How OHS can drive high performance through psychological safety

The following article is a news item provided for the benefit of the Workplace Health and Safety profession. Its content does not necessarily reflect the views of the Australian Institute of Health & Safety.
Thursday, 16 June, 2022 - 12:15
Industry news
National News

There are several key pillars or principles that underpin the delivery of high performance beyond training within organisations, and without these, it is almost impossible to ensure quality, accuracy and safety in working practices, according to a recent discussion paper.

Learning is a continuous process that mainly consists of experiences, interaction with others and reflection, and it needs to be supported and encouraged as part of all work processes and throughout the work environment, according to the paper, Performing beyond the skills obsession: What high performing organisations do that others don’t.

“Psychological safety is the bedrock for continuous learning and for a culture of continuous improvement. Without high levels of psychological safety, it is impossible to create a culture and embed practices of continuous improvement,” the paper said.

“Without high levels of psychological safety and trust, it is impossible to create a learning culture.”

The paper, which was co-authored by David Broadhurst, co-founder and CRO of CodeSafe, together with Charles Jennings, co-founder of Duntroon Consultants based out of the UK and co-founder of Tulser, said asking questions, seeking help, experimenting with unproven actions, or seeking feedback are common and almost daily occurrences in the workplace when facing change, uncertainty, or ambiguity.

“These activities carry a risk for the individual or team as being seen as ignorant or incompetent,” the paper said.

“Accommodation of these risks and using the outcomes for learning themselves is a good indication of the level of psychological safety within an organisation.”

Broadhurst, who co-founded CodeSafe Solutions in 2011 to transform how critical information is communicated to remote workers, said there are a number of areas organisations struggle with when it comes to high-performance workforces.

“Sadly, a lot of organisations often struggle to develop high-performing teams due to a number of factors, one that would be very relevant to safety professionals is the issue around ‘work as imagined and work as performed’,” he said.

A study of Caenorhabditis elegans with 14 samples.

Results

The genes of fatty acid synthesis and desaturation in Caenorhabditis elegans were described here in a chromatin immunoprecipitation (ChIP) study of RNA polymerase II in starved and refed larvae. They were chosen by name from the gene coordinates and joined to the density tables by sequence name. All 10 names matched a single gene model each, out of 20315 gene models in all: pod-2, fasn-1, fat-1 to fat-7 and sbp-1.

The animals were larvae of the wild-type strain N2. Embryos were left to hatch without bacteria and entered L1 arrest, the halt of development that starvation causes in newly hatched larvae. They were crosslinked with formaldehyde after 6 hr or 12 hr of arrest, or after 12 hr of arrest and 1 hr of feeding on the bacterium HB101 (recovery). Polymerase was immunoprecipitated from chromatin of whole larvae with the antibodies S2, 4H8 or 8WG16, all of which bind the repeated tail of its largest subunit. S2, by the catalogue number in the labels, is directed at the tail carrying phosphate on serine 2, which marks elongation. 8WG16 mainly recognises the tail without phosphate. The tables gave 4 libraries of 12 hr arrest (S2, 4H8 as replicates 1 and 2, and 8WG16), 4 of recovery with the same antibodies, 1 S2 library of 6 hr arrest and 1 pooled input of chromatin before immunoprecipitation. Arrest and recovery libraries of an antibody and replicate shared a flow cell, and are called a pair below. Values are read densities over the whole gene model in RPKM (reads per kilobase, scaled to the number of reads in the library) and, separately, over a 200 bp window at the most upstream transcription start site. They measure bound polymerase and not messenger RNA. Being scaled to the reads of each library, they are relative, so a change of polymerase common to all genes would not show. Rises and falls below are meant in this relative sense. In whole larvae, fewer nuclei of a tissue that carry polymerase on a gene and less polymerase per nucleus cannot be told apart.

“A second and growing concern that influences peoples’ ‘at risk’ behaviour would be how psychologically safe they are made to feel by their team leaders, other team members and what human factors influence their decision making when performing a task.”

Broadhurst said the most common challenges for organisations in the above is knowing how to create psychologically safe environments for their people to operate in, and also how information, instruction and training are provided in a comprehendible manner across sometimes very diverse and remote workforces.

This point was reinforced in the paper, which said there are many positive business benefits for an organisation and workforce that know how to create a psychologically safe environment – and, “with that in mind, the learning, development, tools and support that is required for their team leaders who ultimately either underpin or undermine the development of both psychologically safe and high performing environment,” the paper said.

“Psychological safety, directly and indirectly, impacts productivity, right through to individuals’ state of mental health; as a result of the covid pandemic, this is a primary focus across all workplace environments and industry sectors around the world.”

There are important implications and opportunities for OHS professionals in the process, according to Broadhurst.

Most organisations are now looking for knowledgeable people and innovative solutions who can assist them to address these issues across many workplaces, which Broadhurst said would reduce current and future risks around legal duties in relation to psychosocial risk and human factors.

In the process, organisations would also recognise how OHS professionals can significantly contribute to the development of high-performing teams who can contribute to minimising rework and improve productivity and organisational profit, he said.

“The advice to OHS professionals would be to look at people and organisations more holistically and position yourself as an operational improvement professional, not just OHS, which by default is improved inside an operational improvement strategy, then the profession will offer a better ROI on the vital services the profession provides across industry and society,” said Broadhurst.

You can read the full discussion paper 'Performing beyond the skills obsession: What high-performing organisations do that others don’t' here.

Broadhurst will be speaking on the topic at a webinar, being held on Thursday 28 July from 15:30 to 16:30 AEST.  For more information please call (03) 8336 1995, email or visit the event website.